Alan Bradley’s Flavia de Luce novels are one of my favorite book series at present. As such, I space out reading them to savor the goodness, so this year I ordered a new one for my birthday, which I quickly devoured. Also, I wanted to read something special for the completion of my half cannonball (Huzzah! Hip Hooray!) But enough about me, on to the book!
Bradley has created a precocious and endearing detective in Flavia. Much like I consider Phryne Fisher of the Miss Fisher’s murder mysteries TV show to be a young Jessica Fletcher, a la TV’s “Murder She Wrote,” I consider Flavia to be the even younger Miss Fisher. In this installation, we find Flavia leaving her native England for boarding school in Canada, where she will embark on an adventure to become a sort of secret agent, just as her departed mother did before her.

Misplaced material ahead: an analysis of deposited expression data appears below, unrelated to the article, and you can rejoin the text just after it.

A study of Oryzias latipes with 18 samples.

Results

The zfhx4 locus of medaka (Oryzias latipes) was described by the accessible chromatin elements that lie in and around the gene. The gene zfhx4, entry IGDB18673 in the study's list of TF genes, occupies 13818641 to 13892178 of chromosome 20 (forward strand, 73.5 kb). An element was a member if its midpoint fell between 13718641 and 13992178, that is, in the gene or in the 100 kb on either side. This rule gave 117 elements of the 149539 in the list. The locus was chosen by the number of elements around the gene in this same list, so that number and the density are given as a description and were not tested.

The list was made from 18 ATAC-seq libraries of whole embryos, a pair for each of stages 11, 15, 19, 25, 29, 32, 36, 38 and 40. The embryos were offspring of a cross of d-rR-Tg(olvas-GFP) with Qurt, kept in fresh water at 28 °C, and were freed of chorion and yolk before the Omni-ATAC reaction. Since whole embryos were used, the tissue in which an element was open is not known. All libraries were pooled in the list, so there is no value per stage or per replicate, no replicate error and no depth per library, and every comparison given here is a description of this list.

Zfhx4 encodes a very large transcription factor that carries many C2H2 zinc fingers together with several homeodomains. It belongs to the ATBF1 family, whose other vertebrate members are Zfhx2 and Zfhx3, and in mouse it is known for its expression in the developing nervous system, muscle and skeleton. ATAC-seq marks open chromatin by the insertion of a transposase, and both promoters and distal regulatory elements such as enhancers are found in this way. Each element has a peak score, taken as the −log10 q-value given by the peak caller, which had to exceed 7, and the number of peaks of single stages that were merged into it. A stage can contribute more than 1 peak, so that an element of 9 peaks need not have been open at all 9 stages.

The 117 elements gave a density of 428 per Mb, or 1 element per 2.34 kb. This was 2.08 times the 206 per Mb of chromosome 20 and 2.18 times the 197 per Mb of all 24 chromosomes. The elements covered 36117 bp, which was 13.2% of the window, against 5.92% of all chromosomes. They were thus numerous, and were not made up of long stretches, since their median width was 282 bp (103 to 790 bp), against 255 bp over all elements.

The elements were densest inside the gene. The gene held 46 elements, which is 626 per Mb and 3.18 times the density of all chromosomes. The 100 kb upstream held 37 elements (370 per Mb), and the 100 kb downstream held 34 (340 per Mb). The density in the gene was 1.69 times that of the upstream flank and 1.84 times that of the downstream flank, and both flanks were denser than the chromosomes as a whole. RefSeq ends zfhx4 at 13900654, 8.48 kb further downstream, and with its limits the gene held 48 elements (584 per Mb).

I was unsure of how I would feel about the change in location, as the action in the other books took place in her hometown and surrounding English countryside, but the change brought new life to the series. Flavia largely relies on herself so though you missed the interaction between she and her family, to include their beloved household staff, there absence isn’t very jarring. Just like the other books, a body is found and she embarks on a solo mission of discovery, that remains true to form, and she uses her wits and science to break the case.
*Mild Spoiler* My only issue with this book, and the reason for the four stars and not five, is that at the end of the book we find her out of school and on her way back to England. I had just gotten invested in these new characters, and it looks like rather than a change for the series this setting was simply a break from the norm. I will still continue reading, but I’m a little disappointed, though I will reserve judgement until the next installment.